BY BRENNA MATENDERE
Some farmers who spoke to Southern Eye said the disease had wiped out chickens from several homesteads, leaving the chicken runs virtually empty in the past few days.
They said the chickens were showing signs of watery droppings, mucus and ruffled feathers which are synonymous with the symptoms of the disease.
Newcastle disease is a contagious viral bird disease affecting domestic and wild avian species.
“I lost entirely all my road runners as I was running a chicken project to cushion me against the harsh economic environment. I had about 55 birds that have all been wiped out.
The birds had low appetite for both food and water while they had high mucus and watery waste,” said Kingstone Kanyile from Mvuma’s ward 13.
Thasisio Manyemba, another farmer from Drink Water plot in the same ward said he had also lost several birds in the past few days and suspected it could be Newcastle.
“I am not the only one who has lost so many birds in a similar way in this area. In this community almost all the people who rear chickens are losing their birds on a daily basis and in huge numbers,” he said.
Manyemba said the veterinary officers they approached in the area suspected that the disease could be Newcastle.
“The officers said they have reported the matter to their superiors but are yet to get vaccines that they need to use in trying to contain the problem,” said Manyemba.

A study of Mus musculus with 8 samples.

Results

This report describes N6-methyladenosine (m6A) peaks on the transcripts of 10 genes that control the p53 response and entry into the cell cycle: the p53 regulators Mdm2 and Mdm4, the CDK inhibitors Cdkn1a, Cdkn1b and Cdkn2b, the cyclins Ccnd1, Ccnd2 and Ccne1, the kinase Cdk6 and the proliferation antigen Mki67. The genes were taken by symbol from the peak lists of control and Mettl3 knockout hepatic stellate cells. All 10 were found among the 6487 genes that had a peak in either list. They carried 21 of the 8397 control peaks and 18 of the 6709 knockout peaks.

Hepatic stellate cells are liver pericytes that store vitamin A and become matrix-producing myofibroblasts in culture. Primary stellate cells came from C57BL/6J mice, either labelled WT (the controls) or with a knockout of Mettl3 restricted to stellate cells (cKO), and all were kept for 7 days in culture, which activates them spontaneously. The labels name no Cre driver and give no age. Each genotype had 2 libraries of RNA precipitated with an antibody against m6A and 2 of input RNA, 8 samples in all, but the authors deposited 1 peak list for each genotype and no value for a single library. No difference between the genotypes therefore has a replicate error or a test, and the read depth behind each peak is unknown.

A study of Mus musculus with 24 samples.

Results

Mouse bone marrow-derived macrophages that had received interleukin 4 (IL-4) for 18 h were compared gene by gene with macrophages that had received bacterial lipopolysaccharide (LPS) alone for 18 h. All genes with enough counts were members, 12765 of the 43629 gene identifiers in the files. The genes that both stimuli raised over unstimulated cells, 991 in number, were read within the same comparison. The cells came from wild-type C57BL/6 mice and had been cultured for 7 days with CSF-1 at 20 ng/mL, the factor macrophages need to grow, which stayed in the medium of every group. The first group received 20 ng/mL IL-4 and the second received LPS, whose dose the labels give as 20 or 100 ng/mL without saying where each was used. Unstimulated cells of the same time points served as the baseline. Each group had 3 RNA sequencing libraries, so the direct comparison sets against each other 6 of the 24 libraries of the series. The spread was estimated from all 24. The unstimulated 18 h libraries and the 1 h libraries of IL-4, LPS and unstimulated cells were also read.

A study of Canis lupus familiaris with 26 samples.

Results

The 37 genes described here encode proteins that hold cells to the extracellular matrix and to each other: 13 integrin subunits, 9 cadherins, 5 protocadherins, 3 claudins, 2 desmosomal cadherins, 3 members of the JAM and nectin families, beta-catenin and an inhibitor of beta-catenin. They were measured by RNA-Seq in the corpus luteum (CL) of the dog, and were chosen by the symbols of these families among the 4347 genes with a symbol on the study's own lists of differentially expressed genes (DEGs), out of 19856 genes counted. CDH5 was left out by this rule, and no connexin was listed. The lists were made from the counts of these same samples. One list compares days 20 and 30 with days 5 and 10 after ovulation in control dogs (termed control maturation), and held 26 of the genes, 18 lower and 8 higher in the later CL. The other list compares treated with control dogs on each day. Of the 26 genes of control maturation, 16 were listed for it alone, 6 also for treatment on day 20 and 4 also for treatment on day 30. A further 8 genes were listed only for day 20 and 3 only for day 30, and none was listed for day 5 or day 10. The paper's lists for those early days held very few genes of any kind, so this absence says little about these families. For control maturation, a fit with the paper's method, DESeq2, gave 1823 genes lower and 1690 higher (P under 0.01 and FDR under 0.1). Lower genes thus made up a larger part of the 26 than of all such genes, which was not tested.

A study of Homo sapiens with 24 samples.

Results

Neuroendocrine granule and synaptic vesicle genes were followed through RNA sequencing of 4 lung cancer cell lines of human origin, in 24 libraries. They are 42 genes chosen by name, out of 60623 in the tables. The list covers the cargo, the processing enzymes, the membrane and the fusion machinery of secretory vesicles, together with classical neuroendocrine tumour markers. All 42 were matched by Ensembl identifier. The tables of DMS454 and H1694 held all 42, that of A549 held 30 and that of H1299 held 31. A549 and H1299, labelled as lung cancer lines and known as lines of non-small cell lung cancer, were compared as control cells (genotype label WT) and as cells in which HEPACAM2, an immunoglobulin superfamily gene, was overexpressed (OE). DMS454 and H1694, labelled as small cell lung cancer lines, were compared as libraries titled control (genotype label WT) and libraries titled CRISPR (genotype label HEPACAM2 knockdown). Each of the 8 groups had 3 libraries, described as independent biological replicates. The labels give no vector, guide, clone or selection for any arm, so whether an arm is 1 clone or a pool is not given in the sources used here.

Midlands veterinary officer Munyaradzi Chigiji confirmed that there were fears of the Newcastle outbreak in Mvuma based on the reports from farmers, but said it was premature to confirm if indeed it was the deadly disease because laboratory tests were yet to be completed.
“We have received reports of complaints from farmers that their birds are dying mysteriously and that they suspect it’s Newcastle. We have now collected samples and sent them to the laboratory for tests, but results are not yet out. It is when the results have come out that we can know if indeed it is Newcastle,” he said.
The disease is usually spread by direct physical contact with infected birds. The virus is found in manure and is breathed out into the air. No treatment for the disease exists, but the use of prophylactic vaccines and sanitary measures reduces the likelihood of outbreaks.